Want to train yourself to run faster? Intervals are hard but these example sessions could be just what you need to run better times.

If you really want to improve your running speed then interval training is the key. Whether focusing on short sprints or longer repetitions, interval running will seriously improve your running times.

Running interval sessions will make you faster

Interval running is the single best form of running activity you can do. A runner who always runs at a steady pace will only ever be good at running steadily. By steady running you improve your endurance capacity, tone-up and often lose weight, but you don’t get faster .

The key to improving your speed is to run at speeds faster than you would race at.

The key to improving your speed is to run at speeds faster than you would race at. However, you can only run at these speeds for small periods of time. This is why you should break up the distance in which you intend running at the faster pace.

For example, if you normally go for a steady 5 mile (approx. 8km) run you could change it to 5 lots of 1 mile efforts, running the 1 mile at a significantly faster pace than you would if you were running the whole 5 miles in one go. The important thing about interval running is to pick the pace up and force yourself to increase the leg speed. Then you will need to recover, as you won’t be able to keep it up for too long.

The recovery period will vary depending on your fitness level and what type of interval session you are running. Naturally, most beginners will need a lot more recovery than seasoned runners and the longer the interval run, the longer the recovery period will have to be.

All the energy pathways should be involved in interval training, making it very similar to the race situation:

  • Short sprints with long recovery involve the pure sprint system.
  • Longer repetitions, which are run quickly with a short recovery, involve the lactate system (burning legs syndrome).
  • Consistent steady running, strides and recovery stages, involve the oxygen system (you can talk during these sections).

Interval sessions do not need to be run flat out all the time. You should aim for one structured interval workout a week and one unstructured one. The structured one will be set in advance with set intervals to run and set recovery times. The unstructured one can be decided on the day depending on where you are running (on or off road , or on hilly terrain.)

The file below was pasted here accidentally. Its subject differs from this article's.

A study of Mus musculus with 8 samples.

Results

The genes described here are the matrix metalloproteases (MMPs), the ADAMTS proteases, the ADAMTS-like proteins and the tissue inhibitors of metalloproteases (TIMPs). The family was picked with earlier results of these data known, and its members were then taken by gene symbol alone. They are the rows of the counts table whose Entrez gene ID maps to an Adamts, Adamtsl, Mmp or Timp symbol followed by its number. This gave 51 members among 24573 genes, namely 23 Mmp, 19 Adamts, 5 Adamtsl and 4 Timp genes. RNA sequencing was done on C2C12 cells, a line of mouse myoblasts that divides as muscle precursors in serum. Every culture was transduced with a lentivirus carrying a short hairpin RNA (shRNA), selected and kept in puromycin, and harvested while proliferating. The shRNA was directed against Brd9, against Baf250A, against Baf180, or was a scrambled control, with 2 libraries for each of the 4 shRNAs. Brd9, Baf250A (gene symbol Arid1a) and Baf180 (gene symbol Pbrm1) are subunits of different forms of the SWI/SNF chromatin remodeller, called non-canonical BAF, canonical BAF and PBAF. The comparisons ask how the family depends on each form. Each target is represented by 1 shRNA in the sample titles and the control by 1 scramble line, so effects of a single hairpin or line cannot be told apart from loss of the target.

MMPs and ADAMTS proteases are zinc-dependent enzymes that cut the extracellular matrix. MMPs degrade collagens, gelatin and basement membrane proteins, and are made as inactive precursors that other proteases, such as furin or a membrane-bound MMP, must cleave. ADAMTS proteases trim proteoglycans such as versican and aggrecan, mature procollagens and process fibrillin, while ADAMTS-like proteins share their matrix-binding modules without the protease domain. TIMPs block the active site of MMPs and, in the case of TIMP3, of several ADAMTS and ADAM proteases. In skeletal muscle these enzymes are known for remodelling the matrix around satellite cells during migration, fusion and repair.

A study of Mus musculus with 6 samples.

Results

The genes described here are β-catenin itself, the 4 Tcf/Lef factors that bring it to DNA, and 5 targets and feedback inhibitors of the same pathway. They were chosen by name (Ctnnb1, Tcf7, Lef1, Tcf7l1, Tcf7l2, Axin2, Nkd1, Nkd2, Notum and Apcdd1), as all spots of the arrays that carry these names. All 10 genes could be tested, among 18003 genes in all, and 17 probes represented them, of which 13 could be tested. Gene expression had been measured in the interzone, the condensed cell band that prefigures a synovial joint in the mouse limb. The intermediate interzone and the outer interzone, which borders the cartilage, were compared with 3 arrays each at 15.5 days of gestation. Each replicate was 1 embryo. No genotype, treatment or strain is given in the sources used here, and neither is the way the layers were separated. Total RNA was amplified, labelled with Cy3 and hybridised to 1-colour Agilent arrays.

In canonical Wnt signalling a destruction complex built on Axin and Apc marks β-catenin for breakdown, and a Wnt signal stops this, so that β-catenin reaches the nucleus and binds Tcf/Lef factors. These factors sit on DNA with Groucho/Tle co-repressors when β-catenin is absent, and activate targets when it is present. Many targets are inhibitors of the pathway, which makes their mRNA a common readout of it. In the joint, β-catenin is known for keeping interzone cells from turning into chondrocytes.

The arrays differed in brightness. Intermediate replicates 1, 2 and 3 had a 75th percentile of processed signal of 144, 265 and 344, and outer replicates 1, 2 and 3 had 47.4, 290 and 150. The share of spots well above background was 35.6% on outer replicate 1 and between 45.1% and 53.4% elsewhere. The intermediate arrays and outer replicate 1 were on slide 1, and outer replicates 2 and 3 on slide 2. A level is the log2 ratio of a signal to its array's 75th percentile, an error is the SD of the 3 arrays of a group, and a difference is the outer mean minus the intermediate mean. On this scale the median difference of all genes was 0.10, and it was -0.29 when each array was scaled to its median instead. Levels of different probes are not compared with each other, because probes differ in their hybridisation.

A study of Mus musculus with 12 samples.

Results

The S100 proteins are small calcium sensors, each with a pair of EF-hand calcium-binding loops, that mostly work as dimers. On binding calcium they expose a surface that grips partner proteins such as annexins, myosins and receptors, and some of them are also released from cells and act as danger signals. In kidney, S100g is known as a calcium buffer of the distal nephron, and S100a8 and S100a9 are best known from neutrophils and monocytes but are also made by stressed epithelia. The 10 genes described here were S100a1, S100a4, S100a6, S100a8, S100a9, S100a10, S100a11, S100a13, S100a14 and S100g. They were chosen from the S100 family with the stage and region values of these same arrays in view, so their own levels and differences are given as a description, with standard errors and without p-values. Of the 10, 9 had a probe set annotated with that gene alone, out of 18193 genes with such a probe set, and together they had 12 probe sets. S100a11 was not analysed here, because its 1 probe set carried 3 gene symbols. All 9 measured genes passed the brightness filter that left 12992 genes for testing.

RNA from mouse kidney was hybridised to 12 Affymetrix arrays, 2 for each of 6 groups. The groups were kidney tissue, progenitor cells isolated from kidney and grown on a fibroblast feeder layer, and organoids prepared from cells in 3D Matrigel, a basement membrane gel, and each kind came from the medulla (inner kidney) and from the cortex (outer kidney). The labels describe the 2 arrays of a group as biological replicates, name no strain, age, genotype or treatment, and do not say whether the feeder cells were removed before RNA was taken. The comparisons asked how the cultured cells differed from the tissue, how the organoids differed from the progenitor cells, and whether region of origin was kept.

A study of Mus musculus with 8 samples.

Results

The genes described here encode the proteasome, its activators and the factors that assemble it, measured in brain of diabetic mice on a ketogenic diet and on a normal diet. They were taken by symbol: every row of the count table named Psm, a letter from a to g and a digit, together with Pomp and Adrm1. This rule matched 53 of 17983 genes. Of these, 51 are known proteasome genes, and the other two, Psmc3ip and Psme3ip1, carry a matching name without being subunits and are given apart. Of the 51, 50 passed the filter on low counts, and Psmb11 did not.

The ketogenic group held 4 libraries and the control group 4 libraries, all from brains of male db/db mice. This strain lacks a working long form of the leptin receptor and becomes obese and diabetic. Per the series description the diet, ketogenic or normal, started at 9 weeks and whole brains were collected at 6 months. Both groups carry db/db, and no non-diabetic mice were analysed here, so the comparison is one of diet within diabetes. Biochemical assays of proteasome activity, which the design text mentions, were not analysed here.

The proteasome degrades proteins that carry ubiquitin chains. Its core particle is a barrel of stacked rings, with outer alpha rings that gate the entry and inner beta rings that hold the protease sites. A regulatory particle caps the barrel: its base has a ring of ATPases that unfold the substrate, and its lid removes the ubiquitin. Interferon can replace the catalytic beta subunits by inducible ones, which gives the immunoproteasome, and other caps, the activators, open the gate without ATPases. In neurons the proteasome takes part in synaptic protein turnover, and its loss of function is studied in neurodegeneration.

Interval training example sessions

Below are a few interval sessions you can have a go at — aimed at beginner, intermediate, and advanced runner. Remember, interval sessions normally make you work a lot harder than just steady running so take this into account and start on a lower grade for the first few attempts. Remember to warm-up for at least 10 minutes before the interval session and cool-down for the same amount of time after the running session.

Beginner runner interval session

10 x 1 minute with 3 minutes walk recovery.

5 x 2 minutes with 2 minutes walk recovery.

3 minutes, then 2 minutes, then 1 minute, with 3 minutes walk recovery between repetitions. Do this three times with 5 minutes between sets.

3 x 5 minutes with 4 minutes walk recovery.

10 x 45 seconds uphill running with a walk back down recovery.

Intermediate runner interval session

12 x 1 minute with 90 seconds recovery.

6 to 8 x 2 minutes with 60 seconds recovery.

4 x (3 minute/2 minute/1 minute) with 2 minutes and 1 minute recovery between repetitions and 3 minutes recovery between sets.

5 x 5 minutes with 2 minutes recovery.

10 to 15 x 60 seconds uphill running with a jog back down as your recovery.

Advanced runner interval session

15 x 1 minute with 60 seconds recovery.

10 x 2 minutes with 60 seconds recovery.

5 x (5 minutes/4 minutes /3 minutes/2 minutes/1 minutes) with 4 minutes/3 minutes/2 minutes/1 minute recovery between repetitions and 3 minutes recovery between sets.

5 to 8 x 5 minutes with 90 seconds recovery.

15 to 20 x 60 seconds uphill running with a brisk jog back down as your recovery.